Report on Ulawun (Papua New Guinea) — September 1991
Bulletin of the Global Volcanism Network, vol. 16, no. 9 (September 1991)
Managing Editor: Lindsay McClelland.
Ulawun (Papua New Guinea) Increased seismicity but surface activity limited to gas emission
Please cite this report as:
Global Volcanism Program, 1991. Report on Ulawun (Papua New Guinea) (McClelland, L., ed.). Bulletin of the Global Volcanism Network, 16:9. Smithsonian Institution. https://doi.org/10.5479/si.GVP.BGVN199109-252120
Papua New Guinea
5.05°S, 151.33°E; summit elev. 2334 m
All times are local (unless otherwise noted)
Increased seismicity has been observed at Ulawun, but surface activity remained limited to release of small to moderate volumes of white vapor until late September. Recorded seismicity since mid-August has consisted of numerous to nearly continuous, very small, low-frequency events. Larger events began to occur in mid-September. Periods of stronger seismic activity were occasionally separated by intervals of little seismicity, producing a banded appearance on seismograms. Similar seismicity has been recorded previously at Ulawun, and at Karkar prior to its 1979 eruption. Gas emission on 29 and 30 September was stronger, and brown plumes were reported.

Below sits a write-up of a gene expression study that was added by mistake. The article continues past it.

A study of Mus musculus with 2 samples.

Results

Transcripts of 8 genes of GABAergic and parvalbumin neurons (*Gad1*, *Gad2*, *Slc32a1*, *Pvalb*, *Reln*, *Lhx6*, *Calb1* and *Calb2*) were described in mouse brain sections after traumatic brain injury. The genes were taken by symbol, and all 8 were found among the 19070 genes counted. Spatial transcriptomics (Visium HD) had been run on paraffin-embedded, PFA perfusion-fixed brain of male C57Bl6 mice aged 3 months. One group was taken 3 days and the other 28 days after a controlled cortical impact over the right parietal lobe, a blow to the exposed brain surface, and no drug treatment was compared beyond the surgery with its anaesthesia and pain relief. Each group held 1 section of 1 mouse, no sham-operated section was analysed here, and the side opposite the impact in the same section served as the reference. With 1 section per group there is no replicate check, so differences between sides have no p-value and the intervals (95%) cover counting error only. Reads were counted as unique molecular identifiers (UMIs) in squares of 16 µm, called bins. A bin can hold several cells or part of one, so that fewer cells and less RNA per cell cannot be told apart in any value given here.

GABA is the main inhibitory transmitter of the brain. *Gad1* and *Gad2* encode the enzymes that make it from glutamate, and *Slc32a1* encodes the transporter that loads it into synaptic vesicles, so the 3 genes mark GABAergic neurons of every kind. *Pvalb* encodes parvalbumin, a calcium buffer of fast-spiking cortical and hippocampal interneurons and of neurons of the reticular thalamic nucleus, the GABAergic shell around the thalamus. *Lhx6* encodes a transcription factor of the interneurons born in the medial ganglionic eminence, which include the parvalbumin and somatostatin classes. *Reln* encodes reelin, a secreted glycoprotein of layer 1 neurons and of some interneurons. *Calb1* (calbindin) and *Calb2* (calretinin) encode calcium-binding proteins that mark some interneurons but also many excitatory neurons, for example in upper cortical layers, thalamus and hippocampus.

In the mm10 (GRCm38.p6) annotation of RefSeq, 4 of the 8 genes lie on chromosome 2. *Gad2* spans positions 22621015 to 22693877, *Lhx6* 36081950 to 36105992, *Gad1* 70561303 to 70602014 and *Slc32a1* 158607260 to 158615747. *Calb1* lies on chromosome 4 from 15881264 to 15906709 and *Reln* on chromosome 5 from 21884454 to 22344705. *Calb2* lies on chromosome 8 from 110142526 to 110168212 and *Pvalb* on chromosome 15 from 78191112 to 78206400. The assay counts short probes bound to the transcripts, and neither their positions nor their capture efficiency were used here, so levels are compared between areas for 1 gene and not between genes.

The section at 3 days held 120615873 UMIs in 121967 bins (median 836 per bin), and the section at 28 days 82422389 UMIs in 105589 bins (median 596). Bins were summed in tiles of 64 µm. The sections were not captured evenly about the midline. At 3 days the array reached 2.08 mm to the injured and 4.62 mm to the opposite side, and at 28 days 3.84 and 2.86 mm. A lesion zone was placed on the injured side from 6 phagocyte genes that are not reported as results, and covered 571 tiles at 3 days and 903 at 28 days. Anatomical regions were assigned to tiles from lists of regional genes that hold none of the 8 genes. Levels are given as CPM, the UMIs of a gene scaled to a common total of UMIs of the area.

Geological Summary. The symmetrical basaltic-to-andesitic Ulawun stratovolcano is the highest volcano of the Bismarck arc, and one of Papua New Guinea's most frequently active. The volcano, also known as the Father, rises above the N coast of the island of New Britain across a low saddle NE of Bamus volcano, the South Son. The upper 1,000 m is unvegetated. A prominent E-W escarpment on the south may be the result of large-scale slumping. Satellitic cones occupy the NW and E flanks. A steep-walled valley cuts the NW side, and a flank lava-flow complex lies to the south of this valley. Historical eruptions date back to the beginning of the 18th century. Twentieth-century eruptions were mildly explosive until 1967, but after 1970 several larger eruptions produced lava flows and basaltic pyroclastic flows, greatly modifying the summit crater.
Information Contacts: P. de Saint-Ours and C. McKee, RVO.